The key to treatment for people with inflammatory bowel disease, such as ulcerative colitis and Crohn’s disease, may lie in their mouths.

Inflammatory diseases of the gut such as these are the result of an immune system that is attacking the body’s own cells. There’s also another element at play: “bad” bacteria, which may be what triggers the body to wage the attack in the first place.

When it comes to irritable bowel disease, there’s another element that is likely at play.

Bacteria found in the intestines of people with inflammatory bowel disease (IBD), HIV, liver cirrhosis and colon cancer are also common in the mouths of healthy people, but these bacteria don’t usually show up in their guts because the “good” bacteria that live there prevent the malignant ones from entering.

To look at this further, researchers took samples of saliva from people with IBD and transplanted them into mice who had been bred not to have any gut bacteria at all. They found that one strain in particular, Klebsiella pneumoniae, was likely to survive and colonize in the mice, and this triggered a response from the immune system’s T helper cells.

Next, they looked at whether these bacteria were able to colonize the same way in healthy animals. The answer was no — unless the mice were also given antibiotics, which disrupt the natural array of healthy gut bacteria (this is why people often have stomach and intestinal problems after long rounds of antibiotics). And when the researchers gave the bacteria to mice genetically engineered to be susceptible to developing colitis, they found they were more likely to experience serious inflammation after the bacterial infection.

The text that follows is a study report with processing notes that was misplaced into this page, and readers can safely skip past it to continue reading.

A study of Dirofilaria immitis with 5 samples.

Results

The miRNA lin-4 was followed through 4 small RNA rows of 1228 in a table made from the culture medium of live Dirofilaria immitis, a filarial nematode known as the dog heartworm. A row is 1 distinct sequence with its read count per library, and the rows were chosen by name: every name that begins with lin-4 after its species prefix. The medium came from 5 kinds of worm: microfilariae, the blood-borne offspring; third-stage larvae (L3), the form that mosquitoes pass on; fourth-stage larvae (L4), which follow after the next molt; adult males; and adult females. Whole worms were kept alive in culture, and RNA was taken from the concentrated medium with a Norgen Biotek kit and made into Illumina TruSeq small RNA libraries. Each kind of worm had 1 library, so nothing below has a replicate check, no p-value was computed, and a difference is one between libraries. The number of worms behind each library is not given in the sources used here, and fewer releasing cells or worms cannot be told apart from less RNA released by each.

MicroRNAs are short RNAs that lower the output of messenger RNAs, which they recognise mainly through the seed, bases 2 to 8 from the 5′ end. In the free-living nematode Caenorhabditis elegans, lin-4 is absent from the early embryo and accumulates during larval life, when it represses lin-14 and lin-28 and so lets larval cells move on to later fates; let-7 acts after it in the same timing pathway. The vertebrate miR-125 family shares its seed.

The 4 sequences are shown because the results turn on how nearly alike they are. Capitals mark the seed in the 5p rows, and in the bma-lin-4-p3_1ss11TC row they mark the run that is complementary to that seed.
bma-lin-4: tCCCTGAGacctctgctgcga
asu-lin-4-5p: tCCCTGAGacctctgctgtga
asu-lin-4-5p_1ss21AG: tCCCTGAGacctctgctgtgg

Doctors could administer beneficial bacteria to naturally fight off the bacteria behind IBS that trigger an immune response.

Finally, when the team reviewed data from human feces, they found higher levels of Klebsiella pneumonia in people with IBD and Crohn’s disease, which again suggests that the results apply not just to mice, but to humans, too.

People who are more susceptible to inflammation to begin with are less able to fight off the oral bacteria that can migrate to the gut and trigger full-blown bowel disease. Shifting the makeup of gut bacteria could help reduce the risk of developing the diseases in the first place, for people who are genetically susceptible to them. And for those who already have an autoimmune disease like Crohn’s or ulcerative colitis, doctors might be able to administer beneficial bacteria that naturally fight off Klebsiella pneumonia, and other strains that trigger an immune response.

While more research is being done, the team points out that IBD sufferers should probably stay away from antibiotics, since this may worsen the situation and lead to more inflammation. For all of us, oral hygiene is important, as is keeping your gut bacteria in good shape with probiotics (for instance, yogurt and other fermented foods), and prebiotics (a healthy, plant-based diet).

The study is published in the journal Science.